A quick follow-up to last Friday's post, Breastfed Babies Avoid Allergies.
In that post I reported on research that said that breastfeeding a baby for the first six months reduced the chance of later allergies.
However, an article, Breast Is best, but watch out for the allergies by Matt Kaplan in the August 5, 2006 issue of New Scientist adds an unusual caveat.
Researchers at the Helsinki Skin and Allergy Hospital in Finland have been conducting a twenty-year-long study of mothers who breastfed their babies as long as possible. The children were assessed for allergies at ages 5, 11 and 20.
Exclusive breastfeeding for nine months or more actually appeared to increase the chances of a baby developing allergic conditions such as eczema and food hypersensitivity. At age 5, 56 per cent of children with a family history of allergy who had been breastfed for nine months or more had allergic symptoms, compared with 20 per cent of those who had been breastfed for between two and six months.
The researchers noticed that children who developed allergies after prolonged exclusive breastfeeding were most likely to do so during the first years of life, suggesting that environmental factors such as pollen exposure, diet and disease are the more important factors in the onset of allergies in later childhood and early adulthood.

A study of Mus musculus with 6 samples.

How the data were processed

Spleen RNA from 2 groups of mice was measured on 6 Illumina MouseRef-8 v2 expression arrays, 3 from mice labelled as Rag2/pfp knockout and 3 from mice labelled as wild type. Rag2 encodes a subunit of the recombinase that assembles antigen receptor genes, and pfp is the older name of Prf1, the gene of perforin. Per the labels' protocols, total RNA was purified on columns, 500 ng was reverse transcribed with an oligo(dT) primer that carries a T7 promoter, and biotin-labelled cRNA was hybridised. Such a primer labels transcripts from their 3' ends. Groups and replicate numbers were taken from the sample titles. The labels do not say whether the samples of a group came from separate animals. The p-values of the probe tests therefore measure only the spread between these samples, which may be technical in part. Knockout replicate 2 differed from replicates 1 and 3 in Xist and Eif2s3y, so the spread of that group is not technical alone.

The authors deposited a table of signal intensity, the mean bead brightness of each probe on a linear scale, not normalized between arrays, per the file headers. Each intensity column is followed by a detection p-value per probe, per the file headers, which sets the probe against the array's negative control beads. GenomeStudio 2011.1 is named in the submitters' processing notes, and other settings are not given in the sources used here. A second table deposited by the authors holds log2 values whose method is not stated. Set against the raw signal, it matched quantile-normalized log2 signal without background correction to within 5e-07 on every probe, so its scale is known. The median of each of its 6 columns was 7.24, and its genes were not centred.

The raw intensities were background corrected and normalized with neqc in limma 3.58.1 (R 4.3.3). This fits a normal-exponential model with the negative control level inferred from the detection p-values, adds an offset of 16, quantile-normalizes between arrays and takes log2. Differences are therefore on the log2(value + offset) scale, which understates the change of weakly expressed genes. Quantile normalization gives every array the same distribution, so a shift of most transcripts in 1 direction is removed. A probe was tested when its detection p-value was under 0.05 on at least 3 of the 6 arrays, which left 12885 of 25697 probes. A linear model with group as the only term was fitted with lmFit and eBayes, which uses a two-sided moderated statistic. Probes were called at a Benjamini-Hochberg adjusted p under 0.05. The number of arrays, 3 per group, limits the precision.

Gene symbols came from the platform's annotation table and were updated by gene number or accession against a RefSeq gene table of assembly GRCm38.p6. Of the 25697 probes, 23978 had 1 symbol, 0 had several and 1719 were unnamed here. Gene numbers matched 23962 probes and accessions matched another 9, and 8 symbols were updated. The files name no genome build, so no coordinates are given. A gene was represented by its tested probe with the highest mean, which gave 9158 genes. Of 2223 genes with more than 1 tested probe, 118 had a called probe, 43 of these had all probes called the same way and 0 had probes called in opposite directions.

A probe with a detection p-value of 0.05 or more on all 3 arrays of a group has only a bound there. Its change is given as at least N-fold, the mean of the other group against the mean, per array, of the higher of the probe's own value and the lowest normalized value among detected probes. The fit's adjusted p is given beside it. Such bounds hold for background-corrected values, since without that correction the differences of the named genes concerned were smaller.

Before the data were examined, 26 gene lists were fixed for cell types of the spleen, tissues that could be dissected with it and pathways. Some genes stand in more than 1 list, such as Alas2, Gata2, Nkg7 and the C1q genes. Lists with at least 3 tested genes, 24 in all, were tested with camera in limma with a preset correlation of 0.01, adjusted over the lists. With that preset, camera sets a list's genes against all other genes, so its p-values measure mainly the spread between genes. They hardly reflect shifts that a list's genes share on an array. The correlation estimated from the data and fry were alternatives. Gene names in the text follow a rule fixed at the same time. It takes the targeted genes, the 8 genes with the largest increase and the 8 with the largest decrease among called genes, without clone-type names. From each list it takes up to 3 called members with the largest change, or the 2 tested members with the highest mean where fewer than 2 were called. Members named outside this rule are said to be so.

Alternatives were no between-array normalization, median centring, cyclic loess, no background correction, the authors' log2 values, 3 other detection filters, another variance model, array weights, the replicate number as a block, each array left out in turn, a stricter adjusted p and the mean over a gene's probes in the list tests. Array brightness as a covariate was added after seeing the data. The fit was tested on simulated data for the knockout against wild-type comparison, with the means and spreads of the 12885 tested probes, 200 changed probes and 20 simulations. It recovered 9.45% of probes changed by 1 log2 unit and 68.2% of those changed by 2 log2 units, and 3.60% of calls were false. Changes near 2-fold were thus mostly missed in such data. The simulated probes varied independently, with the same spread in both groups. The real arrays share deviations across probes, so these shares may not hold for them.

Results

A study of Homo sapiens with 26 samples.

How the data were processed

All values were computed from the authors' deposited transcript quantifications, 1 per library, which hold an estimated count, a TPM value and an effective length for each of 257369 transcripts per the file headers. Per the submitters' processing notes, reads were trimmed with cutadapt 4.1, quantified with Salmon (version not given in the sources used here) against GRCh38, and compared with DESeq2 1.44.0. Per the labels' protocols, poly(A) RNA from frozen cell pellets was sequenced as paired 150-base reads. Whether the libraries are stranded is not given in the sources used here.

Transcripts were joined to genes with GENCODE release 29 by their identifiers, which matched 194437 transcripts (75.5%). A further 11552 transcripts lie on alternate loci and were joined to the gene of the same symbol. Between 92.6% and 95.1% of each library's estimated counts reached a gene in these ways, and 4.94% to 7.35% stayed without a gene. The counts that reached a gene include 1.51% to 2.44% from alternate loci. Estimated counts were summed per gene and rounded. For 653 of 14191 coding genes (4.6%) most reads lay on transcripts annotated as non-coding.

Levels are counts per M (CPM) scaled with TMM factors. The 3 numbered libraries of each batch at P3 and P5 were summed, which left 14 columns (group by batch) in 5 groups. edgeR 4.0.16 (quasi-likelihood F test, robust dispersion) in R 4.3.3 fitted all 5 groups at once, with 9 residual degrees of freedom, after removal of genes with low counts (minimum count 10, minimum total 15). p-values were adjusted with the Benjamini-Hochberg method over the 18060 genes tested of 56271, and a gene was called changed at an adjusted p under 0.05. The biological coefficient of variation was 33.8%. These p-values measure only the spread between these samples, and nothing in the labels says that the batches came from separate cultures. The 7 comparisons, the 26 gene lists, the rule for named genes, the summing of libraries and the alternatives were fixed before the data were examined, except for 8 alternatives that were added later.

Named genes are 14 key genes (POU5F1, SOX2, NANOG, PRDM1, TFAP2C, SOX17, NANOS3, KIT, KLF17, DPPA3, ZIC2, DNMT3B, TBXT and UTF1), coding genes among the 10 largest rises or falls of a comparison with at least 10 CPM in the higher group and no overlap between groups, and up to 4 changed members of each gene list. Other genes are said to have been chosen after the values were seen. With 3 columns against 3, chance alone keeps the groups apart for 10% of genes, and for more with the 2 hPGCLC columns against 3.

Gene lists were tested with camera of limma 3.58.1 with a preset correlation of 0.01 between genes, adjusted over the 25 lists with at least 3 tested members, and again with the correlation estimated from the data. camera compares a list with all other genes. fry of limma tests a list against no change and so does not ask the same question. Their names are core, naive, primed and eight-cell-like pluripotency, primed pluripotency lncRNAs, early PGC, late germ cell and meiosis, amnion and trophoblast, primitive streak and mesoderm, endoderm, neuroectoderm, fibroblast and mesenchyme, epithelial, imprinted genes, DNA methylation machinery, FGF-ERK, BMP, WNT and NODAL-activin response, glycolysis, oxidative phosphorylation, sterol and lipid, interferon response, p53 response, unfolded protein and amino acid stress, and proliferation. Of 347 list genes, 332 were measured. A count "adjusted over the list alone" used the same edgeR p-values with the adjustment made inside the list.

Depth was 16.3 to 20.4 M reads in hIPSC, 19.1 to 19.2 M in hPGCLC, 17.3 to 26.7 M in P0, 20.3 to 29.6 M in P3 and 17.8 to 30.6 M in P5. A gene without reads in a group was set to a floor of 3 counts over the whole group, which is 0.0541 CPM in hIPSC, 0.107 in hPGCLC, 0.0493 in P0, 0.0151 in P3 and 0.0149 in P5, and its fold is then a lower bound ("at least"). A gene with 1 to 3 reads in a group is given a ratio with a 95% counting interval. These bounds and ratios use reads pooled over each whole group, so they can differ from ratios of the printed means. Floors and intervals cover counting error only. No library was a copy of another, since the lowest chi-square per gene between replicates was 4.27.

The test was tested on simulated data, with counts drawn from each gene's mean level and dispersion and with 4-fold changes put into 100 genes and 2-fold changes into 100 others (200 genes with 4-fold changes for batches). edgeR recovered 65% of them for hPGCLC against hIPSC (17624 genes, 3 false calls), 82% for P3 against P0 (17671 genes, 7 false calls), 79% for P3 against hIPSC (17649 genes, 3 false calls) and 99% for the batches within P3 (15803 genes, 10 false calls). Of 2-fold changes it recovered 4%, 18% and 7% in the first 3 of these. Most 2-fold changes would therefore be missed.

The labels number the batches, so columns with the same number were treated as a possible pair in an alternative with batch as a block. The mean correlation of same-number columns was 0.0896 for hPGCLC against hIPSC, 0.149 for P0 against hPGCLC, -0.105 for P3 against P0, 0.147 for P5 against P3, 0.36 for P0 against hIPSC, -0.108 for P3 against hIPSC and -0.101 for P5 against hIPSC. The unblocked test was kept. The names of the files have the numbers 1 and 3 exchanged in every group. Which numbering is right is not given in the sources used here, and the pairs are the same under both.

"A beautiful hypothesis is that there is a time window when the immune system needs to be exposed to external antigens for it to develop properly," says team member Maria Pesonen, although more research is needed to be sure.
Until more research is done, mothers may want to think about stopping exclusive breastfeeding at about the seventh month and start introducing solid foods.